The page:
If you wish, you can also have a personal hearing. A personal hearing is a meeting between you (and your legal representative, if you have one) and a VA official who will decide your case. During this meeting, you present testimony and other evidence supporting your case. There are two types of personal hearings: local office hearings and BVA hearings.
A local office hearing is held at your local VA office between you and a "hearing officer" from the local office's staff. To arrange a local office hearing, you should contact your local VA office or your appeal representative as early in the appeal process as possible.
In addition to a local office hearing, you have the right to present your case in person to a member of the Board of Veterans' Appeals (a BVA hearing). In most parts of the U.S., you can choose whether to hold this hearing at your local VA office, or at the BVA office in Washington, DC (but not both).
To request a BVA hearing, check the appropriate box on VA Form 9. If you have already submitted your VA Form 9 without checking the box, you can request a hearing by writing directly to the Board of Veterans' Appeals within 90 days. Be sure you clearly state whether you want the hearing held at your local VA office or in Washington. Please note that the BVA cannot pay for any expenses A? such as lodging or travel A? in connection with a hearing.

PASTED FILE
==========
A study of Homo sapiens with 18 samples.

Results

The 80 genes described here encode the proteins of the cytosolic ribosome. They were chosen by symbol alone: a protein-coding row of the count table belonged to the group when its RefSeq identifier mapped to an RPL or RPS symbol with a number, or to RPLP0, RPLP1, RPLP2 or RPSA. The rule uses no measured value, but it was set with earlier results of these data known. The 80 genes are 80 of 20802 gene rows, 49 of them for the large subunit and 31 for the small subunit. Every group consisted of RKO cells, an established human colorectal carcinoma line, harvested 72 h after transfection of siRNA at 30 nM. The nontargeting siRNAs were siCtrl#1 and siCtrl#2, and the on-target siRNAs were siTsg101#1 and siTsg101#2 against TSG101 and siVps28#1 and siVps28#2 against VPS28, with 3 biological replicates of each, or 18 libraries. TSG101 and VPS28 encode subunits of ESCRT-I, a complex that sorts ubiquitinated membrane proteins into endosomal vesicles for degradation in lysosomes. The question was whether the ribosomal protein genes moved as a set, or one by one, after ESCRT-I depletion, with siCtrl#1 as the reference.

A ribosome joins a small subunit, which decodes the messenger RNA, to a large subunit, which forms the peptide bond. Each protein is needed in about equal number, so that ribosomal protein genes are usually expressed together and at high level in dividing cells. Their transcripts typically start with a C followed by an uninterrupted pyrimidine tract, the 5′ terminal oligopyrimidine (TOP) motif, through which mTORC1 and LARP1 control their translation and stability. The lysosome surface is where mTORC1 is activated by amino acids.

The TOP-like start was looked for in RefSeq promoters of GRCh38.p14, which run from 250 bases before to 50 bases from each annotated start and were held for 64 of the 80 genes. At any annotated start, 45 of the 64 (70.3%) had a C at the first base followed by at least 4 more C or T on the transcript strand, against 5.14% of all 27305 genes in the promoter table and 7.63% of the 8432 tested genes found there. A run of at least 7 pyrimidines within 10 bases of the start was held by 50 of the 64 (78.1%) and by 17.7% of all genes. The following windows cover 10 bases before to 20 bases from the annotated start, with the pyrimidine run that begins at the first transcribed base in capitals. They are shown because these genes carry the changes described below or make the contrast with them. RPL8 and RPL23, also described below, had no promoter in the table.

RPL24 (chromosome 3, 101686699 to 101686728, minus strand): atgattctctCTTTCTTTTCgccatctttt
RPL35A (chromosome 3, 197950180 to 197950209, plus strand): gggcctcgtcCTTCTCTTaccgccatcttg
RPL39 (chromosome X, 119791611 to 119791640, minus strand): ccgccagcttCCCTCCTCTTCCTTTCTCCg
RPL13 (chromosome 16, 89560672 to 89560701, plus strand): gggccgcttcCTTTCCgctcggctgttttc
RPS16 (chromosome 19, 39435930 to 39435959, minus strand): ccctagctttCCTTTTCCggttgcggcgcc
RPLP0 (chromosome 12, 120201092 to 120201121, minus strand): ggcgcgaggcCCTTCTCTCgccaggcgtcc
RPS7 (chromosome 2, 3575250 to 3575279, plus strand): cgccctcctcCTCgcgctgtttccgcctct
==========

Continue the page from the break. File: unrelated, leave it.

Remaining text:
Basically, to "testify" at a BVA hearing just means to tell what you know about your case. VA hearings are much more informal than court hearings, so you don't need to worry about technical rules of evidence or being cross-examined when you testify.
Some local offices offer video teleconferencing, so you can have your BVA hearing at your local office while the BVA member talks to you from Washington. Check with your local VA office to see if it offers this option.
Be aware that a personal hearing may take some time to arrange. Most BVA hearings are held about three months before the case is actually reviewed by the Board.